I was going to try and be clever and do a funny riff on this whole subject, but I just can't manage it. Here's the thing. Makefile was a dumb name for a file when Stuart Feldman wrote the make utility in 1977, but you have to forgive him because file systems were quite limited back then and filenames could only be a few characters long. The pattern was
<filename.ext> - 8 chars for the name, 3 for the extension. I guess config.make wouldn't fit, config.mak looked weird, so Makefile it was.
Now we have no excuse. At all.
I respect and adore Jim Weirich, but I hope he feels at least a little shame for inflicting "Rakefile" on us all. That name choice seems to have set the stage for a proliferation of copycats. Now we have an ever-growing assortment of files that helpfully tell us they are files right there in the file name. Because something siting in a directory in the file system might be something else, like maybe a turnip or a bad hair day. Capfile, Gemfile, Assetfile, Vagrantfile, Guardfile...
You may ask: What's the problem? Why should anyone care about a cute little naming convention that continues a tradition going back over 30 years?
It may not be a huge deal, but there are a couple issues with this. All of these file formats are actually a variation on a well-accepted language: Ruby. But with a name that omits the standard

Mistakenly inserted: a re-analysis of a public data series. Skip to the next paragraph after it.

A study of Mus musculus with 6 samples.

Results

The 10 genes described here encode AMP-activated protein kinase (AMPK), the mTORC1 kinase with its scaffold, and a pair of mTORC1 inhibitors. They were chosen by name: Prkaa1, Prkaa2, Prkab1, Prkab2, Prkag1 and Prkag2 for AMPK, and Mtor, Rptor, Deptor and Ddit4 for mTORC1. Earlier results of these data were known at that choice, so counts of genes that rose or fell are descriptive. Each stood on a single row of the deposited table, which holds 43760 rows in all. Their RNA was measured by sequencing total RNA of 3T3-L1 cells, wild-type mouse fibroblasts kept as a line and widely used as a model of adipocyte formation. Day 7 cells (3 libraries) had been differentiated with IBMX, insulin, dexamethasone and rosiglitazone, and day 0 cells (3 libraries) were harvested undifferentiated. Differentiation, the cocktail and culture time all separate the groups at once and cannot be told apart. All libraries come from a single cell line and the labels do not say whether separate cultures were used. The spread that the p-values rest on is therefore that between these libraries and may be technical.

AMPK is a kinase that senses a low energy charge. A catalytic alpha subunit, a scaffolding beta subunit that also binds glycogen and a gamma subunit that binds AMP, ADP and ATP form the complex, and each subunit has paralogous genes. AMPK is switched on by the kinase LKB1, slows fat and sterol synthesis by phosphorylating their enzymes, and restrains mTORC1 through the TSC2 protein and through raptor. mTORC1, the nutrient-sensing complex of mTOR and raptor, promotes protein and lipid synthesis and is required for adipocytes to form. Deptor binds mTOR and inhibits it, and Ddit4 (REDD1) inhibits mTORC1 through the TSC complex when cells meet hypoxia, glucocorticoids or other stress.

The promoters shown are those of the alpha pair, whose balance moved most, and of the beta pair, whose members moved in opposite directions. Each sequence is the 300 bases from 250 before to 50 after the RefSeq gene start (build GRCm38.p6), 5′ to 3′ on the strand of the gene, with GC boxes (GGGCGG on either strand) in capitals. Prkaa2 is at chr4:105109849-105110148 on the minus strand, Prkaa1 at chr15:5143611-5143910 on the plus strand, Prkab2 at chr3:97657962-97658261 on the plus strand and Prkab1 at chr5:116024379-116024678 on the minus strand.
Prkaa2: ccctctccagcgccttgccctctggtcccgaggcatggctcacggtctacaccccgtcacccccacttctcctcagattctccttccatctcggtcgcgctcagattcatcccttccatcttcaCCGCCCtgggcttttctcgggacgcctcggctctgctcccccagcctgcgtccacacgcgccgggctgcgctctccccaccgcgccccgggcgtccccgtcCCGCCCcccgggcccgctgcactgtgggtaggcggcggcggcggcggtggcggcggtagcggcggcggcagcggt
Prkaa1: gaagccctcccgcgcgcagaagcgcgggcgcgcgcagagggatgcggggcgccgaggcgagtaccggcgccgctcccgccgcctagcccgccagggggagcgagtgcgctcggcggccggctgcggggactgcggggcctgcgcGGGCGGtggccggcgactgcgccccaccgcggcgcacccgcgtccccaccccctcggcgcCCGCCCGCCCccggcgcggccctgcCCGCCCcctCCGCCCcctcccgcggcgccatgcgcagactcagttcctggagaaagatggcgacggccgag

.rb extension, language-aware tools have no chance to help us out. Syntax highlighting? Nope. Will awk search those files for you? No way. Will RubyMine figure out the structure of the code in those files? Forget it. OK, you can add those files to all your tools' configurations, then you're good to go. Until someone creates a new Crapfile and you have to go through and update all those configurations again.
Just because your configuration file's contents are written in a DSL does not mean you should pretend it's not Ruby anymore.
I urge every maintainer of a project that uses a name like Crapfile for the configuration file to move toward using a name that is compatible with language-aware tools. If you can't think of a name yourself, allow me to suggest this:
UPDATE: It has been pointed out to me that RubyMine actually does a pretty good job of dealing with these file names. Not perfect, but pretty good. Anyway, I don't want to come off as bashing RubyMine (I'm spending more time with it now and it's starting to grow on me), so substitute vim or emacs or TextMate or your most-hated editor instead.